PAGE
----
Eighty silver goblets, given to the Doolittle Tokyo Raiders in 1959 by the citizens of Tucson, are still used in the group's annual remembrance ceremonies.The cups, each inscribed with the name of a participating air crew member, are turned upside down as members die.  Photo courtesy of Doolittle Tokyo Raiders - R.O. Joyce Memorial Site. 


The four surviving members of World War II's famous Doolittle's Raiders met on Nov. 9, 2013, at the National Museum of the U.S. Air Force near Dayton, Ohio, to make their final toast in honor of crewmates who died.

The original plan was to toast until only two men remain, but the four are in their 90s and decided to make this their last ceremony. Many news accounts mentioned that they drank from goblets donated by the city of Tucson. Here's the local history of those goblets, as described by Tucson Citizen reporter Paul Allen in 2006.

A set of 80 engraved silver goblets presented to “Doolittle’s Raiders” at their 17th annual reunion, held here in 1959, has become part of an exhibit at the National Museum of the U.S. Air Force at Wright-Patterson Air Force Base, Ohio.

Army Lt. Col. James H. “Jimmy” Doolittle led an armada of 16 B-25 bombers on an attack on Tokyo and other Japanese cities on April 18, 1942, taking off from the deck of the aircraft carrier USS Hornet.

The retaliatory attack was designed to “bring home” to the Japanese people the effects of World War II following the surprise attack by Japanese planes on Pearl Harbor five months earlier in Hawaii.

Eighty volunteers manned the planes; 73 of them survived the raid and its aftermath. Each year thereafter, they arranged a reunion. In 1959 they selected Tucson as the site for the get-together, in part because of the major roles Davis-Monthan Air Force Base, bomber construction in Tucson and pilot training at Marana played in the war.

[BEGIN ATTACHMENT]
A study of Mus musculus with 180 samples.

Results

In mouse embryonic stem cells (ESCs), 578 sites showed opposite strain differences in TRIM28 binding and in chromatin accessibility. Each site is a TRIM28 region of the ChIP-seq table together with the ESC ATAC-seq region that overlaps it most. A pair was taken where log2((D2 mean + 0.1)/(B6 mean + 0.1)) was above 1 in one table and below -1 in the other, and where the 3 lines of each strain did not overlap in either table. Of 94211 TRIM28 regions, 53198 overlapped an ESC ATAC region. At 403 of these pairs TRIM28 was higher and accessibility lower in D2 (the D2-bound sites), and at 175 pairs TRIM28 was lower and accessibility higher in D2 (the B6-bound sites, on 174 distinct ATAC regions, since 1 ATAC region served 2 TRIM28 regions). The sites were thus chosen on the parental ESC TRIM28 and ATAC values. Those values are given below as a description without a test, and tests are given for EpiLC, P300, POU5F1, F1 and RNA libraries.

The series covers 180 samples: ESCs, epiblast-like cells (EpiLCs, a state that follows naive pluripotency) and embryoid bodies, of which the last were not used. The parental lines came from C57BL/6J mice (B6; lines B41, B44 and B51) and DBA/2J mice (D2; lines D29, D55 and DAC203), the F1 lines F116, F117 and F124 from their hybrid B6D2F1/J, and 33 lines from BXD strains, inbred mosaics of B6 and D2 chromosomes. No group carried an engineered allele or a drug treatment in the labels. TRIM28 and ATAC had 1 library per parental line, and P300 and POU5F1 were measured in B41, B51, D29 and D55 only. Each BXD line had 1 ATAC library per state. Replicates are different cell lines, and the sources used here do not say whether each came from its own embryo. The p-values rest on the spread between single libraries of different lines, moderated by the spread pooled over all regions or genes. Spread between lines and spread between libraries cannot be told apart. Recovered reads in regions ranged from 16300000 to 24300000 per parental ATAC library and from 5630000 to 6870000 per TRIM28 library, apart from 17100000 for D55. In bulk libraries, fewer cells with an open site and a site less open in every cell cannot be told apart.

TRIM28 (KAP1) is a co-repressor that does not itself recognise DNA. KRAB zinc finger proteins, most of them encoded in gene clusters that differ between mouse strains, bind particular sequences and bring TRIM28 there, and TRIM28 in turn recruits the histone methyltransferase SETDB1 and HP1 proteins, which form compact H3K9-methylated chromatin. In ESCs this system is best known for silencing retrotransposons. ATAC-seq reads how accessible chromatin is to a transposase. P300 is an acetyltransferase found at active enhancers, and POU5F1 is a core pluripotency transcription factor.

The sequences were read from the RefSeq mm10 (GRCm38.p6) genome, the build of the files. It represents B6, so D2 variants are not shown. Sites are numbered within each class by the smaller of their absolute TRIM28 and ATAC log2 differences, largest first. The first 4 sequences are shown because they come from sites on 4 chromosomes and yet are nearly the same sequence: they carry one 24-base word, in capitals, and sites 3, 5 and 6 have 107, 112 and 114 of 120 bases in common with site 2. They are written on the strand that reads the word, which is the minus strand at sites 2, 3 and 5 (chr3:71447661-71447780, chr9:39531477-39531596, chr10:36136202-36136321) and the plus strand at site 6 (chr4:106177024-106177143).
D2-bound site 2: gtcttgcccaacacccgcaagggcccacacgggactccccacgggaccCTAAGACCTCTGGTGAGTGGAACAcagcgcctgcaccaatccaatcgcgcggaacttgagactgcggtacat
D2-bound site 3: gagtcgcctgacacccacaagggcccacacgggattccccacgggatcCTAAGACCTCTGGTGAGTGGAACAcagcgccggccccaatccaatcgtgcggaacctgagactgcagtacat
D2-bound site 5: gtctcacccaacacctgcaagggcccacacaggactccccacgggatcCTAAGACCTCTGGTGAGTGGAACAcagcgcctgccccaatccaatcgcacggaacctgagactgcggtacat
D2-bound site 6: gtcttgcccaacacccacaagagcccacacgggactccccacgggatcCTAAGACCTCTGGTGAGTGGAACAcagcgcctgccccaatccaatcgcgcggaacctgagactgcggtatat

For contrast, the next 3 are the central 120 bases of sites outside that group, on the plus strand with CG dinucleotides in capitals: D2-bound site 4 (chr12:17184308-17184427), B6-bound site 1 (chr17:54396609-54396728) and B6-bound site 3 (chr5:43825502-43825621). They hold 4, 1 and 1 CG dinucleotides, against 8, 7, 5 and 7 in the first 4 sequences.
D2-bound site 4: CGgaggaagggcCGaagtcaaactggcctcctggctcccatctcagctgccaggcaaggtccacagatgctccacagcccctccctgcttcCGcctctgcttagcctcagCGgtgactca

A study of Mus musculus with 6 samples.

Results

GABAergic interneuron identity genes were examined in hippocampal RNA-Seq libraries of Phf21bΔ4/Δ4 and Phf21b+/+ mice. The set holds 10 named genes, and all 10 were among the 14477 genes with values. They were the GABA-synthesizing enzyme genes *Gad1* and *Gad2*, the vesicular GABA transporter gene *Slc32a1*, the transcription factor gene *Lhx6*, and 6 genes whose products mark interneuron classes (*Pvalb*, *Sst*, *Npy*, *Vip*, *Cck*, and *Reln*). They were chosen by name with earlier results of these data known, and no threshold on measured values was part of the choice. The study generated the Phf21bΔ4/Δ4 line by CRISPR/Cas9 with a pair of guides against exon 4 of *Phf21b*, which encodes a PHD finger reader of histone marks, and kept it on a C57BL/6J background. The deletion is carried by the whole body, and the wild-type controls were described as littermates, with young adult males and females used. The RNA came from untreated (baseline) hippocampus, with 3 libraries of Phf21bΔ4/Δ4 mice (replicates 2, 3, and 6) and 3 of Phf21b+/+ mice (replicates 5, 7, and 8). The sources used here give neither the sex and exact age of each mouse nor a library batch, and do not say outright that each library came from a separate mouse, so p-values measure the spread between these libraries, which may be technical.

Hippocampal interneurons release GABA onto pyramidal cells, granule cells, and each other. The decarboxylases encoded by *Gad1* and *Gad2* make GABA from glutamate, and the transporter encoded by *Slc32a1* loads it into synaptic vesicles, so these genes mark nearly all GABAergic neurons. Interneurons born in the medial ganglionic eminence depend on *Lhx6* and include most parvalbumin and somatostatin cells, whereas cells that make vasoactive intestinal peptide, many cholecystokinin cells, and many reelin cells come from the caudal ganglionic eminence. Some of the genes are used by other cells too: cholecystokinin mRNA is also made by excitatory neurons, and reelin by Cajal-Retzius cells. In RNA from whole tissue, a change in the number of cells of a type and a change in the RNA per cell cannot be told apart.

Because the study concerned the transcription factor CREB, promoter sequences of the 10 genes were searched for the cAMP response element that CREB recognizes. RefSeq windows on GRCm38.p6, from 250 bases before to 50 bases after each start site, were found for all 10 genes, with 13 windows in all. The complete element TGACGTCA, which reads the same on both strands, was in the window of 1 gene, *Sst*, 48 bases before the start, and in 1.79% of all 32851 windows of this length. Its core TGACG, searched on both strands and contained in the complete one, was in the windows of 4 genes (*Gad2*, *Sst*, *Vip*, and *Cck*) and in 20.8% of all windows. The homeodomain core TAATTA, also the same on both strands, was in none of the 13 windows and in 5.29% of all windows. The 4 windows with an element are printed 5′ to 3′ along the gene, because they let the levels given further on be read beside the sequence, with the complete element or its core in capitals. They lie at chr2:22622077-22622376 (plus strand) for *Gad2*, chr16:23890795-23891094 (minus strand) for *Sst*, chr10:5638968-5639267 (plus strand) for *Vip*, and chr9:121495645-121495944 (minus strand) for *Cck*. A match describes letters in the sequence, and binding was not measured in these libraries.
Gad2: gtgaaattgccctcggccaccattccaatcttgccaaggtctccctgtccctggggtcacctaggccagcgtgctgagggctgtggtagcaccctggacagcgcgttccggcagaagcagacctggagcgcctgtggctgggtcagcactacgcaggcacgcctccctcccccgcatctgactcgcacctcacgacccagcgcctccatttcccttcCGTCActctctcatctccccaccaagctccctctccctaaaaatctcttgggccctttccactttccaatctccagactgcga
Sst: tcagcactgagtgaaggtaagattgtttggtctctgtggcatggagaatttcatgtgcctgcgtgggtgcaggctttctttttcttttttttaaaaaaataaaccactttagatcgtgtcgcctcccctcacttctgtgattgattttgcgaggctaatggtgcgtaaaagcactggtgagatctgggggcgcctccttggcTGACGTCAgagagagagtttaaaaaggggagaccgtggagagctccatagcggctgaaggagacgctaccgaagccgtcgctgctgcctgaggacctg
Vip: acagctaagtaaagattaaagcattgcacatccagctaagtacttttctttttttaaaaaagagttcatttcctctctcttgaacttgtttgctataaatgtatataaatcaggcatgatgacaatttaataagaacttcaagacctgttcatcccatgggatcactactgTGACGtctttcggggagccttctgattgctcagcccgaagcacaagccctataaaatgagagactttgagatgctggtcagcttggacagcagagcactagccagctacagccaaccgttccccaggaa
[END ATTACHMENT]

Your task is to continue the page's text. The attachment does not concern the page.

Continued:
In preparation for the gathering, the Tucson Sunshine Climate Club – forerunner of the Tucson Convention and Visitors Bureau - decided to present the survivors with a special gift: a set of 80 silver goblets, each engraved with the name of a Doolittle’s Raider.

They were designed to serve as a “last man” memento, survivors each year honoring those who had died until only two remain. At that point, they are to open a bottle of 1896-vintage (Doolittle’s year of birth) Hennessey VSOP Cognac.

Tucsonans directly involved in the goblet project included Climate Club director Chuck Arnold; department store owner Leon Levy, who arranged procurement of the goblets at cost; and Ben Schermerhorn of Lumber Distributors Inc., who fashioned the wooden case for them.

The veterans group has seen to it that the goblets are shipped wherever their annual reunion is held, and arranged for them to be placed on display at the U.S. Air Force Academy at Colorado Springs, Colo., when they are not in use.

Unfortunately, in 1971, while the display was at the Academy, someone filched the bottle of cognac. “It’s not the brightest moment in Air Force Academy history,” said Col. Mark Wells, head of the Academy’s history department, in a 2004 Citizen interview.

He added that Doolittle, who died in September 1993 at age 96, took the missing cognac situation in stride, commenting at the time, “If I’d have been a cadet, I’d have probably stolen it, too.”

The 1971 graduating class of cadets replaced the purloined bottle with another of the same vintage, along with a letter of apology to Doolittle.

Today, 16 of the 80 raiders survive, and eight of them attended this year’s reunion at Wright-Patterson – the 64th anniversary of the historic raid.

Retired Lt. Col. Dick Cole, Doolittle’s co-pilot during the raid on Japan, made the formal presentation of the goblets to the museum, and quipped during the ceremony, “I’ve been wondering who the other guy is going to be to enjoy the bottle of cognac.”

The goblets will be displayed alongside a B-25 bomber at the museum, where more than 1 million visitors a year will have an opportunity to view them.

Tucson can be proud of having contributed what has become a poignant and lasting memorial to the sacrifice and dedication of a previous generation of American military volunteers.